The hatred directed towards Chick-fil-A and its president Truett Cathy shows the left holds to a different kind of religious freedom. Conservative commentators have pointed to many important aspects of this story, but the real gem is how it exemplifies the stark contrast between the left and the right when it comes to religious freedom. And I wonder how different the discussion would become, if we could clarify the distinction between the two.
Some of us believe there are objective religious truths and others, like my liberal philosophy of law professor, believe these truths are ultimately unreal regardless of what they are. For him, as long as it’s among consenting adults and no bodily harm is done, then the government has no business in it and the world would be a better place if people are free to do whatever they want.
The irony is that, if you take away metaphysical truth in the name of us all getting along, then you do away with the basis of even common civility. But that is a subject for another day.
The conservative, on the other hand, may disagree with another conservative in religion, but there is mutual agreement that they are both working towards a common understanding of the truth. And in the meantime, the minority view is free from government interference.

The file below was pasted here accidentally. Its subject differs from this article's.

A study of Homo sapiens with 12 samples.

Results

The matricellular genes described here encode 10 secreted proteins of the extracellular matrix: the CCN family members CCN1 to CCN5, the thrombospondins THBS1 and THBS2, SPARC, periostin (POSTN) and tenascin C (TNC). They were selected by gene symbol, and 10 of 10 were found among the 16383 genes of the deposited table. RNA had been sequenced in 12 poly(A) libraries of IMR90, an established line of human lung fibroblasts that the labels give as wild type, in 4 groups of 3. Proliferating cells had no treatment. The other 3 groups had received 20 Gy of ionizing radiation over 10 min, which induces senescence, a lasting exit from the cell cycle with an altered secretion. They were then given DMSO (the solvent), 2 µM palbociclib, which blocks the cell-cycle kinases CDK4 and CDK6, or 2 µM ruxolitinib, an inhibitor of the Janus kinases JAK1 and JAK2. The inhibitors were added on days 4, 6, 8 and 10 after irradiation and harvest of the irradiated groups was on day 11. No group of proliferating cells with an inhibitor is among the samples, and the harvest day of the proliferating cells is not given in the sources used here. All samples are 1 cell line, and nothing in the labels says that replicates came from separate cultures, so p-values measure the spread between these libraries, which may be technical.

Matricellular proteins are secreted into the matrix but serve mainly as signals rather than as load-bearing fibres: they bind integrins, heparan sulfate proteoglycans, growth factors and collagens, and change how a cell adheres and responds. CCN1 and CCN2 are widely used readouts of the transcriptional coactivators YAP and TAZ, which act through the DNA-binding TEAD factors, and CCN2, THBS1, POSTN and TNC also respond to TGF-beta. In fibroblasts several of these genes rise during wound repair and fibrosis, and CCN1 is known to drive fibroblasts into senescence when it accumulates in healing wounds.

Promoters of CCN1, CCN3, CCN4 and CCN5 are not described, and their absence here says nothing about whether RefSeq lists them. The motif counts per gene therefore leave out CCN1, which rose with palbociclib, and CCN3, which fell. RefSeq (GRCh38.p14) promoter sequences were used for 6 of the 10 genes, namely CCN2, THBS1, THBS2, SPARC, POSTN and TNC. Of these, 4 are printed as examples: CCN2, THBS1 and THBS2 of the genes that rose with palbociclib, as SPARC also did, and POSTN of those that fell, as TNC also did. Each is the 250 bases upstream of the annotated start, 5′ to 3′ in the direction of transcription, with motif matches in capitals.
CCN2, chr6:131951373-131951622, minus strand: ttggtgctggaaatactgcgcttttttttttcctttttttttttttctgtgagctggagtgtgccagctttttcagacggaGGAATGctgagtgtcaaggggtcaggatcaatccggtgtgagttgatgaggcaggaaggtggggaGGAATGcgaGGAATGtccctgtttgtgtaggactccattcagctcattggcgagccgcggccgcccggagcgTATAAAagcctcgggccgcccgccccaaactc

If it were something that could be settled after a few hours of talking, or like Israel when it witnessed the glory of God at Sinai, then our laws might be a little different. But that is not where we stand today, and our founding fathers knew well from experience, it was better to limit the power of civil government regarding religion.
If we were to have a different kind of conversation about homosexuality, I would think one of the most important things to bring to the table besides the existence and character of God (and the self-contradiction of atheism), is that we are created in God’s image, and that we become like what we worship (Psalm 115:8).
Now more than ever, Trinitarianism should be the Christian’s answer to the homosexual community today. It is also what categorically separates Christianity from all the other religions of the world: That God did not know what it was to be alone until, in the person of Jesus Christ, he suffered the punishment of our sins.
In the triune God, unity and difference find ultimate expression as the basis of all reality. Marriage is designed to reflect this glory, as two psychologically and physiologically different beings become one. The glory of marriage and the emptiness of homosexuality have little to do with passing a constitutional amendment, and more to do with the church being an outspoken example of worshipping the triune God.